Madison Fighting Back On Concealed Carry, Fines To Be Passed By City Council

Madison, Wisconsin has plans underway to deal with the concealed carry law that was passed by the State Legislature earlier this year.  With city buildings, buses, and parks all to be posted with signs stating concealed guns are not allowed, the city is now helping residents who wish to be gun-free.

People caught carrying guns in Madison where a property owner has banned them  would be fined $500 plus court costs for a first offense and $750 for a second  offense under a set of proposed new ordinances to be considered by the City  Council next Tuesday.

The ordinances were unanimously green-lighted by the city’s public safety  committee at a Thursday meeting and come just before the state’s concealed carry  law takes effect on Nov. 1.

“This is allowing the city to do as much as it legally can,” said Ald. Paul  Skidmore, 9th District, a sponsor of the ordinances and a member of the public  safety committee.

One of the ordinances mirrors the new state law in saying that property  owners, both public and private, and operators of special events like Rhythm & Booms may post signs at entrances prohibiting guns inside buildings or on  the grounds of an event.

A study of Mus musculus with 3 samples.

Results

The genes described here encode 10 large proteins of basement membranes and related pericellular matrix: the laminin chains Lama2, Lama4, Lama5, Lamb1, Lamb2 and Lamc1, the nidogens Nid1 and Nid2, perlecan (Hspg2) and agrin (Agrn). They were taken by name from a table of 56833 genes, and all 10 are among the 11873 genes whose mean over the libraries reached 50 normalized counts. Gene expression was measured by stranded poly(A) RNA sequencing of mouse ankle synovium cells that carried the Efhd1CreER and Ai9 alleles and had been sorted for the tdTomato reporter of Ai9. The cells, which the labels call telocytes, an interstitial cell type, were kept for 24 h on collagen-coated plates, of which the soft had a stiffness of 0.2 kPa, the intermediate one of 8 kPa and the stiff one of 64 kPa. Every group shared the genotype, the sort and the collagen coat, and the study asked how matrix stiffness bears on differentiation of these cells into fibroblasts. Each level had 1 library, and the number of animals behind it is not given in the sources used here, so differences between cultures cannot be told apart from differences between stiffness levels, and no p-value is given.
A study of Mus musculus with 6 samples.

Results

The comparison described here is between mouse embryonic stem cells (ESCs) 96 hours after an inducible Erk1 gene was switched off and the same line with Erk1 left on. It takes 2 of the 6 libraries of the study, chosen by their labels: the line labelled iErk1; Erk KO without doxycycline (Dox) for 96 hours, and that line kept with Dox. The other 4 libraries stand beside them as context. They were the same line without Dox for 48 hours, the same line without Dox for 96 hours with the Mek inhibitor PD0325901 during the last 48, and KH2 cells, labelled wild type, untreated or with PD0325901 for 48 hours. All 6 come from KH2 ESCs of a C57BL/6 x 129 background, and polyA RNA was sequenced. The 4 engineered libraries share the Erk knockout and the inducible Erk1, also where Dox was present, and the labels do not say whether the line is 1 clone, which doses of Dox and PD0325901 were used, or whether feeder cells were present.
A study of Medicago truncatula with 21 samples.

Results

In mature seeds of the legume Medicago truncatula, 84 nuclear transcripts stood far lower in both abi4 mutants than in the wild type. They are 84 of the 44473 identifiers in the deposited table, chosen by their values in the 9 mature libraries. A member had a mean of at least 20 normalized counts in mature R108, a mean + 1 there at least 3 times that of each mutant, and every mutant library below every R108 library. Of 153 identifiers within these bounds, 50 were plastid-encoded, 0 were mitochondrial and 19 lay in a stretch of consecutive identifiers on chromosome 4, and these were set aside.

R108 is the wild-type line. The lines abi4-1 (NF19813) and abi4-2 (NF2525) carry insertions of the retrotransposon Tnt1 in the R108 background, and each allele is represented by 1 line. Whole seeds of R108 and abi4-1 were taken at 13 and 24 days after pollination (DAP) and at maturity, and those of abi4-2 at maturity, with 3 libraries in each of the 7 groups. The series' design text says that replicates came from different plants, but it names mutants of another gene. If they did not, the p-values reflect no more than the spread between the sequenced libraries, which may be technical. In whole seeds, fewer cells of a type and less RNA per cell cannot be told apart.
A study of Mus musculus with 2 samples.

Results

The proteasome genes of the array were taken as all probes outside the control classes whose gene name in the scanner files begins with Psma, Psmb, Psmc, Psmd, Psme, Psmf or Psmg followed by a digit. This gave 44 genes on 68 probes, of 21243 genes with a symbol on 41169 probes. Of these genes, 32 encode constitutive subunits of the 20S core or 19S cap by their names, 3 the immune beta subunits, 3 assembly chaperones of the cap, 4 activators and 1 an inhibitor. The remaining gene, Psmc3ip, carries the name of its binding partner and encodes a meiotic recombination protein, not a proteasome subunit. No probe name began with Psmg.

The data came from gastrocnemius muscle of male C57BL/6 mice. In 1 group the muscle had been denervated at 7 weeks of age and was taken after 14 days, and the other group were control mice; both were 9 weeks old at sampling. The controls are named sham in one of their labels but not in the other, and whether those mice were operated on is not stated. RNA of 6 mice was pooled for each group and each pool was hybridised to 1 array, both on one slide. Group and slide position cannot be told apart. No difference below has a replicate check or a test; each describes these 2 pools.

The city also is preparing to plaster public entrances to city buildings with  signs announcing they’re gun-free zones. The cost for producing the signs is  estimated at $5,000, assistant city attorney Marci Paulsen said. The city also  will make the signs available to citizens although it’s not clear how much, if anything, they’ll charge residents.

Under the new law, people who own a residence or business may opt out of the  concealed carry law but must post the no-guns signs at entrances, Skidmore said.  Simple “no trespassing” signs won’t cut it. Owners of apartments or condominiums  also would need to put gun-free signs in common areas, Paulsen said, and renters  may put up similar signs at their individual residences.

2 thoughts on “Madison Fighting Back On Concealed Carry, Fines To Be Passed By City Council

  1. I see this as local control. The state law allows for the signs to be posted, and the local fines are part of the decision making process that each city or town can make for themselves. If small govenment is the aim, than it also must mean local government is allowed to take the actions that citizens closest to local units of government think best.